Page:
Jane and I were talking the other day to see if I might be an appropriate coach for her, which is why she was telling me about the immense unhappiness she felt in her relationship with a client.
Apparently, when you look up “micro manager” in the dictionary, said client’s face shows up next to the definition. And Jane, believing herself to be competent, was going out of her head with frustration because this woman wouldn’t leave her alone to do her work.
“What can I do about THAT?” Jane asked me.
Reminds me of the old joke:
Patient: Doctor, it hurts when I do that (poking his arm repeatedly to make the point).
Doctor: Then don’t do that!
The doctor and I see eye-to-eye on this, which is basically how I answered Jane: “Tell her to stop!”
Look, whatever/whomever you experience that you don’t like, that frustrates you, that makes your days unhappy, that doesn’t allow you to do your best work, that challenges your standards, that doesn’t back down in the face of a boundary well applied, that makes you question ever starting your own business is only there because you allow it/him/her to exist in your world.
And making the pain stop is really as simple as… well, stopping. Stopping what you’re doing, and stopping what’s happening. The moment you make it all stop, the pain stops. I know it sounds simplistic, but that’s because it’s simple!
Stop–then do it differently. It’s a one/two punch of goodness. Stop the pain, then take a different action.
So if a client, like Jane’s, is plucking your last nerve, tell her so, and let her know that it will have to be different for you to continue to work together. If that’s not possible (for her to do it differently), then end the relationship and find a client who fits you better.
If you’ve set yourself up with a fee that you later discover doesn’t allow you to be profitable, change it and let all your clients know when it goes into effect for them.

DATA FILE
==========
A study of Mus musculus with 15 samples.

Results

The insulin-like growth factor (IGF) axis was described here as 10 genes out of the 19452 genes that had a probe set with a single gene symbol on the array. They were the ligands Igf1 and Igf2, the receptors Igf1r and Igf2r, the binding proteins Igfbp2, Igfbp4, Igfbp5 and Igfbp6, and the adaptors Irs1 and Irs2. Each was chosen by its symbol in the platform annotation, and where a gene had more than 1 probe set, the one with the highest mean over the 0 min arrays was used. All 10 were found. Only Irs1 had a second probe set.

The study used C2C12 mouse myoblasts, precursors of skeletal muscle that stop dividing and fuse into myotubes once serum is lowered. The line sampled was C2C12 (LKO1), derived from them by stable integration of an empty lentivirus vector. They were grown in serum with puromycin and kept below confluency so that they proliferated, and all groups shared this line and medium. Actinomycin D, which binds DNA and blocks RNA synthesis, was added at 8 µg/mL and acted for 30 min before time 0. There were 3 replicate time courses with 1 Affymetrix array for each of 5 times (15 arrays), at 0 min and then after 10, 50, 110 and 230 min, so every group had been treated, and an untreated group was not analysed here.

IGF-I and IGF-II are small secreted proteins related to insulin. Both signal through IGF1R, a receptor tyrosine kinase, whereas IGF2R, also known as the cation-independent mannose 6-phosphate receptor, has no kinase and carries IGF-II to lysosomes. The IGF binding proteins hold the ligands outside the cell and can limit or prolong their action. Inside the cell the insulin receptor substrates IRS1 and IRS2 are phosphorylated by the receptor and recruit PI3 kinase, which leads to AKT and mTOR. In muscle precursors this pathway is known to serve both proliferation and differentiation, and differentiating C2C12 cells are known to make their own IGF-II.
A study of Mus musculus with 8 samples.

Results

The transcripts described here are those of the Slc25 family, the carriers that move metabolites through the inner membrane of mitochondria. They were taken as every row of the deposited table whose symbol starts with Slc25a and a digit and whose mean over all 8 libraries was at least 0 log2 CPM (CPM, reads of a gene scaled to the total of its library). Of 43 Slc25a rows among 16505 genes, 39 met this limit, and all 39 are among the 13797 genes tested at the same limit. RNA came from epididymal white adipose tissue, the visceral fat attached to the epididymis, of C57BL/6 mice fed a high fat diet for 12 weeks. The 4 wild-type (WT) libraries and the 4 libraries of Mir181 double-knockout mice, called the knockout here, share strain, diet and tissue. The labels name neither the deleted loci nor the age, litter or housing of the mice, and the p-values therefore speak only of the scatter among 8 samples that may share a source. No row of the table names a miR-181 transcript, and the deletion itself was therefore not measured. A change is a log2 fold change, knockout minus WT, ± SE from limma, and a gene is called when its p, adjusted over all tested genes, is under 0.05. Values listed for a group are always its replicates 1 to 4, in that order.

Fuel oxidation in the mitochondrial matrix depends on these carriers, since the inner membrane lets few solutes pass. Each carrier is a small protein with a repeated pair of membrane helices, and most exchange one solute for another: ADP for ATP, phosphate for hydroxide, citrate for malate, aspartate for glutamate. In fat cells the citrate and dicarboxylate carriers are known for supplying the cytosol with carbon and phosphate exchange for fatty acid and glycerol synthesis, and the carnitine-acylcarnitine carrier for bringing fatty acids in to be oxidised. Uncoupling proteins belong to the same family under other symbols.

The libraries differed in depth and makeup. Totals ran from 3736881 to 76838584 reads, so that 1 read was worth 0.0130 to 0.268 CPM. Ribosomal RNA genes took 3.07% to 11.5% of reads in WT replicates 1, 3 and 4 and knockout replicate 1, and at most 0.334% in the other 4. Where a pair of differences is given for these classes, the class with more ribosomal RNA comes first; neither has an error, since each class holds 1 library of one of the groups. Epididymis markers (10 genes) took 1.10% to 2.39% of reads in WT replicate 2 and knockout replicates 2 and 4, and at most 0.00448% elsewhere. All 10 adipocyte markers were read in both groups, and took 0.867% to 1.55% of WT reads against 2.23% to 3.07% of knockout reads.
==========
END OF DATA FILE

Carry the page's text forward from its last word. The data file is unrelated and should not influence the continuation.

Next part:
If you’re constantly going back into your office in the evening “just to check email—‘in case’” although you’ve promised your family you won’t, stop doing it, and consciously focus even more on your beloveds.
There’s nothing in the world that you have to do (except pay taxes, as they say ). And no one on the planet in a business context that’s more important than you are, such that you should suffer even one little bit to be in relationship with him/her. So if something/someone is bothering you, stand in your power, stop it, then take a different action.
Landmark teaches a distinction between being “at cause,” and being “at effect.” If you want to learn it in depth, you might want to explore their training opportunities. For today, I’ll share from my own understanding.
As a practical matter, being at cause is about seeing yourself as the one driving the proverbial bus of your life, deciding where the bus will go, how it will get there, and taking 100% of the responsibility for whatever happens along the way. Being at effect is more like owning the bus, even maybe driving it, but taking no responsibility for what happens along the way, and, in fact, blaming others and circumstances for everything that happens (Running out of gas—not your fault; the navigator didn’t fill up the last time you stopped. Running into roadside bandits who made you pull over and stole all your jewelry—not your fault; the GPS told you to take that road instead of the way YOU wanted to go. Tire blow out–not your fault; stupid bus/cheap tires/grumblegrumble).
Being at cause is to stand in your power and let the world know you’re HERE. It’s a grown up way to walk through the world. Being at effect is to be a victim, and a childish way to walk through the world.
I think that far too many micro biz owners (including Jane!) spend considerable time at effect. But they don’t have to. All they have to do is resolve to do it differently, and then DO it differently.
The distance between at cause and at effect, in reality, is just one step. Picture that one step when it gets hard and you notice yourself feeling tossed about by something you’re not feeling in control of. Then, consciously take a step to the side, as if stepping from where you are, in the muck and mire of it all, to a new place—a place where you pull up your big girl panties, actually stand in your own power, call your own shots, and get on with what YOU want for your biz and life.
When you do, you’ll truly see that time’s too short to live it at the whim of someone else or tossed about with the tides when you have the absolute ability to do otherwise!